Migrating local VM owner certificates for VMs with vTPM

First published on TECHNET on Dec 14, 2017

Whenever I want to replace or reinstall a system which is used to run

virtual machines with a virtual
trusted platform module

(), I've been facing a challenge: For hosts that are not part of a

guarded fabric

, the new system does need to be authorized to run the VM.

Some time ago, I wrote a blog post focused on

running VMs with a vTPM on additional hosts

, but the approach highlighted there does not solve everything when the original host is decommissioned. The VMs can be started on the new host, but without the original owner certificates, you cannot change the list of allowed guardians anymore.

This blog post shows a way to export the information needed from the source host and import it on a destination host. Please note that this technique only works for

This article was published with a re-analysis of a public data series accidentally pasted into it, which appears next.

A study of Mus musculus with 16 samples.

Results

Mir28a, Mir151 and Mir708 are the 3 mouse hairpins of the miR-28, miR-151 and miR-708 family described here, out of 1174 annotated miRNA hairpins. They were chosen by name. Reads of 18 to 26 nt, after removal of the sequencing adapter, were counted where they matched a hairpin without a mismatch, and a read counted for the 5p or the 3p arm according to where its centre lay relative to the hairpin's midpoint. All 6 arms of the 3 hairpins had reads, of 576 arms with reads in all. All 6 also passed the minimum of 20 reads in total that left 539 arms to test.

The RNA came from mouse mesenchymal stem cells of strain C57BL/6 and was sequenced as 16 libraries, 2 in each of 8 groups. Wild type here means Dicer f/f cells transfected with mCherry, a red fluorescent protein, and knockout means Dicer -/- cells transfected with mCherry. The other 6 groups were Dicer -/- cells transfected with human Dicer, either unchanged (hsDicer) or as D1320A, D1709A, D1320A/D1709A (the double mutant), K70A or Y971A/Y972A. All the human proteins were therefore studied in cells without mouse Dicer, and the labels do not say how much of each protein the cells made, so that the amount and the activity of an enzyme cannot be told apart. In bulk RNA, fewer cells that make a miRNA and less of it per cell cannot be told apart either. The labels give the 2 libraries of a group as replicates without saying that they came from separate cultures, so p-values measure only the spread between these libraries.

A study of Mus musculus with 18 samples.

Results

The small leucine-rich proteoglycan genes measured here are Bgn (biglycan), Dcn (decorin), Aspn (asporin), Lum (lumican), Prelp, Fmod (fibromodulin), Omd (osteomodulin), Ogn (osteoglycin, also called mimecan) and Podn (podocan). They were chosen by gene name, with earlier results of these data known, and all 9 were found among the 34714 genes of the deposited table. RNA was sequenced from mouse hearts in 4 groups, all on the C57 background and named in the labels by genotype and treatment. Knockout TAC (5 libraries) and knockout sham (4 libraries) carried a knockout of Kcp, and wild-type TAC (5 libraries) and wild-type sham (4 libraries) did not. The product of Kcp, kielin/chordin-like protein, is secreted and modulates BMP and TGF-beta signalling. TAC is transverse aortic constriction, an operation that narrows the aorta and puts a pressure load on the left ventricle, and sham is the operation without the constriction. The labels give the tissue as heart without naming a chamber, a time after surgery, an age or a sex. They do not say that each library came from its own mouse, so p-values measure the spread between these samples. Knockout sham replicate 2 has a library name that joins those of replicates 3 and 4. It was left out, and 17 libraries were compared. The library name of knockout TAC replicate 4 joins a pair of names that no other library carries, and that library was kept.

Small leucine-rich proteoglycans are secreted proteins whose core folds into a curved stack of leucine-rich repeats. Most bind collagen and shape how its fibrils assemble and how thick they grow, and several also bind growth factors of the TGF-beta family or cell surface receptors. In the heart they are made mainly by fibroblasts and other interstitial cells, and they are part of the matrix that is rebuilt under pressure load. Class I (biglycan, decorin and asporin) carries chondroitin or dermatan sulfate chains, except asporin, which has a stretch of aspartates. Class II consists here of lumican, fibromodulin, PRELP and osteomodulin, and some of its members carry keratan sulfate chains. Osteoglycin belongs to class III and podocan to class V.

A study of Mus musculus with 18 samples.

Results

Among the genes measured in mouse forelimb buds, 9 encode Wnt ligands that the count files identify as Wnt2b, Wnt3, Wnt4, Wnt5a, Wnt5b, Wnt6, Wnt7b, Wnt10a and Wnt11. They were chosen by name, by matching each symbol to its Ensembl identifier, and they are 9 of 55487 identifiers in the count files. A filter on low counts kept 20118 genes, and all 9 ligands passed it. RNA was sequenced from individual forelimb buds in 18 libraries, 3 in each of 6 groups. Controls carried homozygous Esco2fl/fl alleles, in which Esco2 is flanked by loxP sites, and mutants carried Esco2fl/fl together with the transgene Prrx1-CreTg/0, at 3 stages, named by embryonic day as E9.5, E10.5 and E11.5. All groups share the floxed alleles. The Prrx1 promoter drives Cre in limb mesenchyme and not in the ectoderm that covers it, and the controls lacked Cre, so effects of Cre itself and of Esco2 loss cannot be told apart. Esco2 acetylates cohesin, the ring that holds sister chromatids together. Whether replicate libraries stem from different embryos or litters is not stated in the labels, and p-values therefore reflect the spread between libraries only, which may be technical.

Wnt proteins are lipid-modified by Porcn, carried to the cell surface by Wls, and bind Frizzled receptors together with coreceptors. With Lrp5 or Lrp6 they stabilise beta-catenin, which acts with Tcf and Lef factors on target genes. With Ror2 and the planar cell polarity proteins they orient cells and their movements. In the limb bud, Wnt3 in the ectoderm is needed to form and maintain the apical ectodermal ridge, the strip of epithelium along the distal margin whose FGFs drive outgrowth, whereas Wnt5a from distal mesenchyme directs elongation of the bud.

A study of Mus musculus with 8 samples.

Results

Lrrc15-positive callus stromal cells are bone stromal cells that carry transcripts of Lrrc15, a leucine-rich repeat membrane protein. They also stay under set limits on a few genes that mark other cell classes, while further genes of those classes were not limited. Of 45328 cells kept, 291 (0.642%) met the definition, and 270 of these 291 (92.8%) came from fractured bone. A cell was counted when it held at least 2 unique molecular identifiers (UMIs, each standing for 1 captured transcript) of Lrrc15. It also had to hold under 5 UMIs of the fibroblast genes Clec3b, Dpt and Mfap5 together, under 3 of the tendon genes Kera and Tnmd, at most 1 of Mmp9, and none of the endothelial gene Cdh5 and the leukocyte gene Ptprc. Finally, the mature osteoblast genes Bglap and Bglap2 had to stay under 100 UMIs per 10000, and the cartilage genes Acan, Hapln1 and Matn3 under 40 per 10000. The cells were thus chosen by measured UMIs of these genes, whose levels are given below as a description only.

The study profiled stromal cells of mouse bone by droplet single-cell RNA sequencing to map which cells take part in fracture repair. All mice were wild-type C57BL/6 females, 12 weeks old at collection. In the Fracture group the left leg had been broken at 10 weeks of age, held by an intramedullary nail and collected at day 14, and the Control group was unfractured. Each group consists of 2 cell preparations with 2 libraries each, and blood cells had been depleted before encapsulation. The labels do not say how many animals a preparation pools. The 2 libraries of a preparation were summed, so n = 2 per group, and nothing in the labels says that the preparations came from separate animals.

local
mode and not for a host that is part of a guarded fabric. You can check whether your host runs in local mode by running

Get-HgsClientConfiguration

. The property

Mode

should list

Local

as a value.

Exporting the default owner from the source host

The following script exports the necessary information of the default owner (”

UntrustedGuardian

“) on a host that is configured using local mode. When running the script on the source host, two certificates are exported: a signing certificate and an encryption certificate.

Importing the UntrustedGuardian on the new host

On the destination host, the following snippet creates a new guardian using the certificates that have been exported in the previous step.

Please note that importing the “UntrustedGuardian” on the new host has to be done before creating new VMs with a on this host — otherwise a new guardian with the same name will already be present and the creation with the PowerShell snippet above will fail.

With these two steps, you should be able to migrate all the necessary bits to keep your VMs with running in your dev/test environment. This approach can also be used to back up your owner certificates, depending on how these certificates have been created.

 

This article was originally published by Microsoft's Virtualization Blog. You can find the original article here.